Better Game UI

I work on quite a few games a year and over time this has added up to hundreds of games. During this time I have seen the same UI mistakes over and over again. I want to share a simple improvement we make to improve game UI. I will be using fake examples as to not call anyone out.

Main screen

First, let’s look at an example main game screen.


This is functional but it could be much better. I get why developers do this – it’s easy & flexible. A developer can create a single button asset with a dynamic textbox and dynamically place the buttons. The number of buttons can easily grow and updating copy for changes and localization is easy.

It can be more than just ease of development too. Sometimes UI designers come from web or app design backgrounds or a game studio leans on their website designers for UI design. However, the rules for good game UI are very different than web/app UI. The core concept that differs is that web/app interface does not seek to suggest what users should do, game UI should do this blatantly.

To make better UI, ask the question, “What do you want players to do?”

Do you want players to hit HIGH SCORES just as much as you want them to hit PLAY? No, of course not. Once you have your answer, you have an idea of what element should have dominance. The best thing to change is the size of the desired action input. This will work regardless of language, icons clarity, or color blindness. The larger size also draws players’ attention best. You could also change the color or shape.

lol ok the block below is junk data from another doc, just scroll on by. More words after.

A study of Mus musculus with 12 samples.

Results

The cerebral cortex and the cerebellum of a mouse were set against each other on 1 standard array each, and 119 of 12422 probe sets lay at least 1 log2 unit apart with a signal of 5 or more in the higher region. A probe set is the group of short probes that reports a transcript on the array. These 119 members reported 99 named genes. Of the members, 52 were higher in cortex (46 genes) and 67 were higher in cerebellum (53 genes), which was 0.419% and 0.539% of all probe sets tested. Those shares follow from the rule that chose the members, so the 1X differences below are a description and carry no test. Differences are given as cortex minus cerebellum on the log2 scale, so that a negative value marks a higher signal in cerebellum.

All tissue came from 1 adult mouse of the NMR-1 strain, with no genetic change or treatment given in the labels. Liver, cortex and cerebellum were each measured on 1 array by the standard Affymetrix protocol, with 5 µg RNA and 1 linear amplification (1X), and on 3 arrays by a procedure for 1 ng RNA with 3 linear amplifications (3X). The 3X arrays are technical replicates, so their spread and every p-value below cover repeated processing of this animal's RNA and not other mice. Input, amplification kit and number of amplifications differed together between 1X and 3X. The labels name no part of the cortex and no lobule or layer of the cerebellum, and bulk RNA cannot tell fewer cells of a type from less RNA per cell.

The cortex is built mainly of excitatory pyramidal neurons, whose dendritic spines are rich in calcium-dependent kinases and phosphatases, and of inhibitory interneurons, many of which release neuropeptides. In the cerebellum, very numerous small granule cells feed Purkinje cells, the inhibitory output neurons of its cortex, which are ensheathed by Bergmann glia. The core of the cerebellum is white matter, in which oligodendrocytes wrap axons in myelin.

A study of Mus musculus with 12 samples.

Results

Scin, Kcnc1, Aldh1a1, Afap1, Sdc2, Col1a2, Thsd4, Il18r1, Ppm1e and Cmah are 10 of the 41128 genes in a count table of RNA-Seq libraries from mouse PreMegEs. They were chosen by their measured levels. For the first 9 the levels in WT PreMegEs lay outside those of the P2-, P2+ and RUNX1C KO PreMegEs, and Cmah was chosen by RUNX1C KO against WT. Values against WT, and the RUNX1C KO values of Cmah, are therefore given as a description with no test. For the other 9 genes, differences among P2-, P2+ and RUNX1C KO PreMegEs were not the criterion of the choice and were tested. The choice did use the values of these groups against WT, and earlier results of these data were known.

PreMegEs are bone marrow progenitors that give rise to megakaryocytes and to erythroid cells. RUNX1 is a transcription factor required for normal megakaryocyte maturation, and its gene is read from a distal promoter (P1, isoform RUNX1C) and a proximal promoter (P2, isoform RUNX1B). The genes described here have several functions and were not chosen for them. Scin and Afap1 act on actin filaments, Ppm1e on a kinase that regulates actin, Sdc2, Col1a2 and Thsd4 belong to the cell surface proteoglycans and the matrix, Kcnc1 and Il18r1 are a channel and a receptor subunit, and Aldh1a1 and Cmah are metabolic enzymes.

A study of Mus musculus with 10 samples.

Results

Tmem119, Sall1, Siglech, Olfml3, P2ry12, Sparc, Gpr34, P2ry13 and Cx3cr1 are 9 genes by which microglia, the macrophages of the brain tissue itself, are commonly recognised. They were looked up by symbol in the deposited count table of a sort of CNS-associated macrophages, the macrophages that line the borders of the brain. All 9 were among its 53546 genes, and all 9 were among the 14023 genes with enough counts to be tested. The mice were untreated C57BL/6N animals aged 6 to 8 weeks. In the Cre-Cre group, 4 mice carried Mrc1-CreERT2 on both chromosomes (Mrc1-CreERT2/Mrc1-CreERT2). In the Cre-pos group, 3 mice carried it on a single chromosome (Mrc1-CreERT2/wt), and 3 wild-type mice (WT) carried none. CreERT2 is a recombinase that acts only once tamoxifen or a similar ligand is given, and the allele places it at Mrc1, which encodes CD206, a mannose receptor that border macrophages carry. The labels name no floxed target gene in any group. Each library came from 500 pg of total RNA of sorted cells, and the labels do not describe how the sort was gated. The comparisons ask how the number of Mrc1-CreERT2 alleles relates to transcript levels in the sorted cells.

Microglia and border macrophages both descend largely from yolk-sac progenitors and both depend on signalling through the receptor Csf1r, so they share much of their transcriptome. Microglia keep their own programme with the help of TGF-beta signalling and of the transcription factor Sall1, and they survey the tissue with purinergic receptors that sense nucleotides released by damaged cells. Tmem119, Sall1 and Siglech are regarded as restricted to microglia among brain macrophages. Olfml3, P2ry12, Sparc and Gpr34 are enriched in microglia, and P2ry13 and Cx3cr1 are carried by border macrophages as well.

There are numerous ways other to improve this. You can add icons for people who cannot read (i.e. kids) or non-english speakers to clearly delineate the “neutral” buttons.

This isn’t too much more work. Instead of one dynamic text button, you make two – a neutral button and a call-to-action button. On screens with no clear call to action, using all neutral buttons is acceptable. You can expand this concepts with a call-to-action button, a neutral button, and a “back” button, when you have numerous screens that flow back and forth.

Now let’s look at UI issues on the “Level End” and “Pause” screens. I am lumping these together because they usually have the same issues.


Level End or Pause screens

Here is what I see too often. Again, this is a fake example.


Again, a call-to-action is needed – what do want players to do?


If you are too pressed for time to make two buttons instead of one, at least arrange buttons “in order of call-to-action”, in this case, home, level menu, restart, play/continue.



Find what you want your players to do and make that the dominant interactive element! Making 2 buttons is not that much harder than making one and the clarity it provides players is worth it.